When you think of professional services giant KPMG, engineering may not be the first discipline that springs to mind. Management consulting, or audit and assurance are perhaps the more likely candidates.
However, this may be about to change with the recent announcement of KPMG’s bulk agreement with Engineers Australia.
Aimed at upskilling its engineering workforce and boosting its credentials within the industry, the Big Four firm also hopes the agreement will help to encourage greater gender diversity among its engineering ranks.
KPMG launched its engineering advisory business in late 2015 and its expansion into asset management was signalled two years later with its acquisition of engineering advisory startup Relken Engineering. Its agreement with Engineers Australia includes a professional development program that will build on existing knowledge and provide valuable career pathways.
KPMG’s engineering and asset management business now employs approximately 140 people and provides a range of services to what it describes as ‘capital-intensive businesses’. These include organisations in sectors such as power and utilities, defence, healthcare, education, telecommunications, mining and transportation.
Its services range from risk assessments for capital programs and operating environments to strategic asset management planning, process redesign and procurement, and program and project management.
Colin Thorne, KPMG Partner, Engineering & Asset Management, described engineering as a “broad church”.
“We are involved in just about all of it, from system engineering to design and construction,” he said.
Thorne is an electronics engineer with more than 30 years’ experience in the defence sector. He joined KPMG to launch the company’s engineering advisory business. He said that despite a depth of engineering knowledge and experience within the business, KPMG is still broadly regarded as a management consultancy.
“People don’t automatically think of engineering when they think of KPMG,” he said.
“We want to change that. We also have new competition in the market as some of the large engineering firms now have advisory arms that are working in the public and private sectors.
“The partnership with Engineers Australia builds on our credentials to work in this space and also helps to build credentials internally,” added Thorne.
“When you think about the accounting discipline, the chartered accountant credential is well known and respected. Engineers Australia has the same standing and influence in the engineering profession.”
Building new pathways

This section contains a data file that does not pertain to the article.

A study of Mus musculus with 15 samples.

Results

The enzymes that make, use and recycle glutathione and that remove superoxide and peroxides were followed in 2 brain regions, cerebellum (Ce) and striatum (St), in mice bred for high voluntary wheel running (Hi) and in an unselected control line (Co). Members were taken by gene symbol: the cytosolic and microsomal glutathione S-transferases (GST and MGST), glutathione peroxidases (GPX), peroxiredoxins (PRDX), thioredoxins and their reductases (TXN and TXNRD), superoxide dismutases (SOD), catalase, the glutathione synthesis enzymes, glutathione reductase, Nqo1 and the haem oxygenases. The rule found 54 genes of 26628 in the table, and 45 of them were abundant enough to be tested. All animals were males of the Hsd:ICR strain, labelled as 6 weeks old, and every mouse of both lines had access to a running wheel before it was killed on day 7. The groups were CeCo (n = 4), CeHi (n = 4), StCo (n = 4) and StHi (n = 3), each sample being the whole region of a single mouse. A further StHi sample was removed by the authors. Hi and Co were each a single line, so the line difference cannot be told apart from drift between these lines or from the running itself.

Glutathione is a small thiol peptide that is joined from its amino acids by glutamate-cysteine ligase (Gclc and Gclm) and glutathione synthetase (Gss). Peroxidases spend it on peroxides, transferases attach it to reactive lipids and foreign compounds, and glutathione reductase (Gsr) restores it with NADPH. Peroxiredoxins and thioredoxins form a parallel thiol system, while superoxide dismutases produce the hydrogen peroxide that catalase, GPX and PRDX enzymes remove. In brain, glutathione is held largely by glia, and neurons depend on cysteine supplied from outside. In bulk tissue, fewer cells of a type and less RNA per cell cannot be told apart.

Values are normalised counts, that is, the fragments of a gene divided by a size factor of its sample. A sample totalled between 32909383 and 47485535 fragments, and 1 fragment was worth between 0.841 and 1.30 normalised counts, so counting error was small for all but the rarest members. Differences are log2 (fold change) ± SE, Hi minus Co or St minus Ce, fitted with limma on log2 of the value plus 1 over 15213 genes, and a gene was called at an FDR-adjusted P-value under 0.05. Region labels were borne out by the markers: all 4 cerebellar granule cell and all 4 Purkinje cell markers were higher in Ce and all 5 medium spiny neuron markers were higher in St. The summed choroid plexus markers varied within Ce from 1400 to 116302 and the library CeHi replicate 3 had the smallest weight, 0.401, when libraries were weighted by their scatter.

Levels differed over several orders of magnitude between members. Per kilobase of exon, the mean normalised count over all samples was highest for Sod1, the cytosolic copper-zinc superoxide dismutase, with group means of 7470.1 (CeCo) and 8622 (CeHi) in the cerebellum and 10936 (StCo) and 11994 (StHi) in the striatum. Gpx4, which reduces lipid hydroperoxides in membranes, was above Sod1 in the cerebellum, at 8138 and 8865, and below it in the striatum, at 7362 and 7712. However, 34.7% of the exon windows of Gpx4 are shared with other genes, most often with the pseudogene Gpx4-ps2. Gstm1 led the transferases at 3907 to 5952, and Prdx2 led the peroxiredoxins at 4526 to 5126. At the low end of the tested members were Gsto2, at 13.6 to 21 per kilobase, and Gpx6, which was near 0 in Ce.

Thorne said one of the key benefits of the agreement is that it provides KPMG’s engineers with relevant professional accreditation, such as Chartered Engineer and Engineering Executive, as well as recognition to achieve career progression.
“The agreement with Engineers Australia provides staff with recognition of a lifetime of skills development and achievement,” said Thorne.
“Junior engineers will also have the opportunity to get on the journey to become Chartered engineers.”
Michaela Crosbie, a Senior Consultant in KPMG’s engineering and asset management business, plans to start this journey.
Crosbie studied commerce and civil engineering at the University of Melbourne and joined KPMG as a graduate in 2017. Her role as senior consultant includes working with the Department of Defence on a range of infrastructure projects.
“My role involves project management and engineering and I apply a business lens to both,” she said.
“I help administer contracts on site, from planning through to delivery. I also work with other engineering firms.”
Crosbie is currently working on the redevelopment of the Australian Defence Force School of Signals, which is its principal communications and information systems training centre. She is also working on a facility upgrade for the Defence Force’s Simulation Training Centre.
“It’s great that KPMG has a new partnership with Engineers Australia, because it sets a clear pathway for me to becoming a Chartered engineer,” said Crosbie.
“The connection also means there’s more visibility to relevant engineering events and networking opportunities.”
Promoting gender diversity
As a female engineer in Australia, Crosbie is in the minority — just over one in 10 Australian engineers today are women.
The Workplace Gender Equality Agency has also identified a 27.5 per cent gender pay gap for professional, scientific and technical services.
These figures are top of mind for KPMG. The firm’s gender equality initiatives include a target of 30 per cent women in partnership by 2020, flexible work arrangements and sponsor programs with male partners and female staff outside the partnership.
“We are very committed to gender diversity at KPMG, but, in engineering, our numbers aren’t perfect,” said Thorne.
“This is an issue for the industry as a whole.”
“With Engineers Australia, we are working on a number of initiatives with women in STEM to help attract more women to our business,” he added.
“Also, our clients are very active in this space and gender diversity is something that organisations are taking very seriously. Engineers Australia is the peak engineering body and is very active in improving gender diversity in the profession. We want to leverage this and we see this as another key benefit of this agreement.”